A Timely Story About Me
People tell me that I need to talk more about myself in Midwest Wine Press. So this is a reluctant column about me.
The first thing you should know about me is that I think the amount of time news people spend talking about themselves is strange. During the 80’s, the Indiana University School of Journalism taught us that in order to write news, it’s best to take the reporter out of the story as much as possible.
Today, the Indiana University School Journalism, once one of the best in the country, no longer exists and the number of people who trust the media is a minority. This development troubles me. The fourth estate was intended by our Founders to be a check on power and government. Now, entertainment and news have become one in the same.
As a result of our traditional news style, I am told that Midwest Wine Press is old-fashioned. That’s OK with me. It would be nice to have more video on the site, but there’s plenty of video on the internet already. We do try to keep the stories short, however.
Back to me, the subject of this article.
I became more than just casually interested in wine during 2004. As a new property owner in far Southern Illinois, I started visiting local wineries not knowing what to expect.
What I found was wine that conveyed the simple, rugged qualities of Southern Illinois, which is one of my favorite places.
I also greatly enjoyed meeting Southern Illinois winemakers who are a very approachable bunch. In contrast with Southern Illinois, which is as unvarnished as an old, weathered barn, my Napa Valley wine experiences seemed more like Disneyland. Midwestern wine now is probably like California in the very early wine days, although that’s just conjecture.
At first, the agricultural aspect of wine was most interesting to me. Growing wine grapes in the Midwest is difficult and I greatly admire the people who do it. I have spent many enjoyable hours walking vineyards with grape growers from Ohio to Iowa and from Kentucky to Minnesota.
Fermentation is fascinating too. Bread and wine are important religious symbols for a reason. I can still remember way back to college biology when I realized that all these microscopic interactions can’t just be “happening.” The ancients knew there was something magic about wine. Wine is still microbial magic today.
Regional wine also is interesting to me from an environmental perspective. I have taken on environmental causes before, most notably a successful land preservation fight in Glenview Illinois where I lived for many years.
I now live near downtown Chicago. I am proud to say that as of this month, I am officially carless. Just a few years ago, my wife and I owned three vehicles and burned enough gas each year to fill a supertanker.
I do not believe it makes sense to ship so much food (and wine is really food ) to places that can produce food locally. If just 10% of the wine in consumed in the Midwest was made from Midwestern grapes, it would be revolutionary.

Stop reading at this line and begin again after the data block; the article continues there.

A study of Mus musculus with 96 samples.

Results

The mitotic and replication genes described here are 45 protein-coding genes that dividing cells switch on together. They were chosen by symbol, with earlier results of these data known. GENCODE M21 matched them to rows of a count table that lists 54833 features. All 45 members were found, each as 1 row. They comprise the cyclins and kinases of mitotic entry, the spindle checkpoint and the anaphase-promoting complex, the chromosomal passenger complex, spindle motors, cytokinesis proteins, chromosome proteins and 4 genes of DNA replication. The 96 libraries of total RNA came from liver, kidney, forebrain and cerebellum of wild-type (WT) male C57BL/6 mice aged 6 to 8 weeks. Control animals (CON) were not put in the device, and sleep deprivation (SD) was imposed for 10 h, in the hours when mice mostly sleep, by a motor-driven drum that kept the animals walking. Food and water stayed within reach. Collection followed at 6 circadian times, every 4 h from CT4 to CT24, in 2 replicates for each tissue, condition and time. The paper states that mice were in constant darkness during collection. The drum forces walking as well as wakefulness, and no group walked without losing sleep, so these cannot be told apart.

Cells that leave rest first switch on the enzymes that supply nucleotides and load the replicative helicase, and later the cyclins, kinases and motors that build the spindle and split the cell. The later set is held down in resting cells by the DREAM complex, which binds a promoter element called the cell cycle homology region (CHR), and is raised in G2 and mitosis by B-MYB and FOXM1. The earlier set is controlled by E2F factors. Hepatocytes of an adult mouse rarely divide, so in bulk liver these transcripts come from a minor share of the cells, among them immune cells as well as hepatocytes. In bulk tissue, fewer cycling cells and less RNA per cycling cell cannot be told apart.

Obviously, more Midwest wine production has economic benefits, but the positives do not stop there. Monoculture, to the extent it’s practiced in some parts of the Midwest, is bad. Having a broader variety of crops would be good for all kinds of living things, including humans.
Monoculture also represents a form of centralization that has gone too far, in my opinion. During my life, business and government has been consumed with an idea that gargantuanism is good. When organizations get too large, efficiency suffers. With very large enterprises, it also seems like the wealth eventually gets concentrated at the top. Most Midwest wineries are family operations and I like that.
In regard to Midwest wine, I sincerely believe that our region will become a significant wine producer. Many of the wines made in the Midwest are world class already, but there’s a perception issue that needs to be addressed over time. It’s going to take a lot of effort from many quarters to build market share for regional wine.
And that’s the mission of Midwest Wine Press, to promote Midwest wine. I am very proud that over 100,000 people from all over the country and the world have visited Midwest Wine Press. Our writers are producing some of the best articles about regional wine and you won’t find such in depth coverage of Midwest wine anywhere else.
Now that I have breached my own rule about talking about myself too much, I am going to do something else I don’t like to do: Ask for donations:
Please make a donation to Midwest Wine Press by going to: Midwest Wine Press Campaign.
Midwest Wine Press has been financed largely out of my own pocket. Our advertisers and editorial contributors have also helped immensely. (Please do check out the businesses that support Midwest Wine Press.)
Midwest Wine Press is far from perfected, but hopefully you agree it’s getting better. One of my goals is to expand consumer coverage to focus on which wineries are really “local” and committed to quality.
Thank you for reading this column and for your support. Please check our crowdsourcing site, if you have not done so already.